Fixed Incomers Look to ETFs for Clarity
Exchange traded funds continue to blossom across all asset classes, but may make life easier especially for fixed income investors.
Passive investment strategies, whether it’s through indexing or exchange traded funds (ETFs) has grown exponentially popular among investors. Yet, constant debate over whether every index, benchmark or security from each asset class can be turned into an exchange traded instrument has left some skeptical.
In Europe, fixed income ETFs total 14.3 billion euros. Fixed income ETFs, an area that has been central to the debate over just how complex ETFs can become. Contrary to some market sentiment, fixed income investors in the region have come to favor ETFs for their ability to enhance price discovery for more esoteric instruments.
“Users of ETFs simply need to monitor the illiquidity of the benchmark they’re tracking and know that the underlying’s illiquidity will be reflected in the ETF,” said Paul Amery, head of IndexUniverse’s Europe, an independent authority on passive investing. “But investors are finding that ETFs can actually help with price discovery of the underlying…especially if there’s a lack of other indicators, like futures contracts.”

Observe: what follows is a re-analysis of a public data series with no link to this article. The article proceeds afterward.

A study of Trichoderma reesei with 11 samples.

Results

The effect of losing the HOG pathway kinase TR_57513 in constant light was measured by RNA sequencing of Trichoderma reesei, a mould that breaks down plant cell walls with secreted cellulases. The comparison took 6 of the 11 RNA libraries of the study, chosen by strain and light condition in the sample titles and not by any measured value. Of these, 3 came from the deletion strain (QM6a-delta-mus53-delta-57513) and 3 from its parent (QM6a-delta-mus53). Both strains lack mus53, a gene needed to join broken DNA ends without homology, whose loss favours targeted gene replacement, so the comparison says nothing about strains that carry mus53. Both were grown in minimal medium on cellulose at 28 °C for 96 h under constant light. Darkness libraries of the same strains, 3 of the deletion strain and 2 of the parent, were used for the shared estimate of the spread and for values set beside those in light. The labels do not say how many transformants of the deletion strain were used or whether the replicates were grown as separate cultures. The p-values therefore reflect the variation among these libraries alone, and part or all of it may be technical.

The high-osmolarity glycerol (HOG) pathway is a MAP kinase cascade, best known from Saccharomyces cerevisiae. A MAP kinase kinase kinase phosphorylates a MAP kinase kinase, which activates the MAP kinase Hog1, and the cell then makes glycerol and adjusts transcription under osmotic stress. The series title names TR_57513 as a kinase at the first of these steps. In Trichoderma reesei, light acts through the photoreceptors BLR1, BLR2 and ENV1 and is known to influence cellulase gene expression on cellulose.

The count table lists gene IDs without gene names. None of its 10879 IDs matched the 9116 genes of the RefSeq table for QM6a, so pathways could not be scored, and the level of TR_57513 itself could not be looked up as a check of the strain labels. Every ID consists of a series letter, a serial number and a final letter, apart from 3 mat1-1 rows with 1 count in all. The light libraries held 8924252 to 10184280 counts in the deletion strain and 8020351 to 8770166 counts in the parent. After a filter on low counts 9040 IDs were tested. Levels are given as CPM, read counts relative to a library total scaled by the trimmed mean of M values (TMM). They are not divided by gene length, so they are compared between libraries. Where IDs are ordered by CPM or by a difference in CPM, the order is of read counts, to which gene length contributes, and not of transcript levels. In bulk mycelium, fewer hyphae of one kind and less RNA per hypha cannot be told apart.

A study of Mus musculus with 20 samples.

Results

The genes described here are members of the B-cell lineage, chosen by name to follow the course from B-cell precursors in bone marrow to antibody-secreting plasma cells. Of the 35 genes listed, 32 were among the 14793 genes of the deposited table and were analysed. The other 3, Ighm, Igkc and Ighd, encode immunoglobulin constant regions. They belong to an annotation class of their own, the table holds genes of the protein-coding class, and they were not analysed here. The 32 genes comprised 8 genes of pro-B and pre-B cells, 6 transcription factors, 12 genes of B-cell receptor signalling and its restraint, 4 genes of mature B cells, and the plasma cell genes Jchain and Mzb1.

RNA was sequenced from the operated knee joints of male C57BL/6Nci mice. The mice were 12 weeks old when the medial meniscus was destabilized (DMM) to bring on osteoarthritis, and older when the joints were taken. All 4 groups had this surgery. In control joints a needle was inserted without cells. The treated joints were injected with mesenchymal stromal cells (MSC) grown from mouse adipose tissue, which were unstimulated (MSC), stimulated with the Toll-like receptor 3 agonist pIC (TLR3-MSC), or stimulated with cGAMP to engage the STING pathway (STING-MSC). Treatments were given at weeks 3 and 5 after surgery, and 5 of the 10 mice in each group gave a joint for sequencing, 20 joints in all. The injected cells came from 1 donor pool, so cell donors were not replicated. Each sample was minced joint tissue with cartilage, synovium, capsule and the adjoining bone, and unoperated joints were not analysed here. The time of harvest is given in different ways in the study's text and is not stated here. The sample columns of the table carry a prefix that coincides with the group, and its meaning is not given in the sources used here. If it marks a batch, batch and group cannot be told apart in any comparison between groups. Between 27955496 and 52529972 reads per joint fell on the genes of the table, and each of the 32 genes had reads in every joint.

Enhancing price discovery remains to be critical for many traders, along with the plight to achieve best execution. While fixed income ETFs may make it easier for investors to see the light when it comes to pricing, trading them can still be tricky. Such a task is particularly difficult with some OTC (over the counter) fixed income trades that leave prices up to the subjectivity of brokers.
“It’s really hard to trade fixed income, and achieving best execution when trading fixed income ETFs is not immune to those difficulties,” said Samu Lang, portfolio manager at Finnish based asset manager, Taaleritehdas Fund Management Company. “You need to know how many market makers there are in this space, who uses what prices and have a really good relationship with your brokers. There’s no NAV (net asset value) available at times and it can ultimately be a very time consuming trade.”
The Nordic and Baltic exchanges had record IPOs and trading volumes.
It is important to maintain the voluntary nature of the standard.
Proposed changes would lead to an unsustainable level of additional cost and liability for issuers.
The regulator seeks input on the use of DLT for trading, settlement and regulatory reporting.
The strategic move taps into the existing geographic infrastructure within TP ICAP.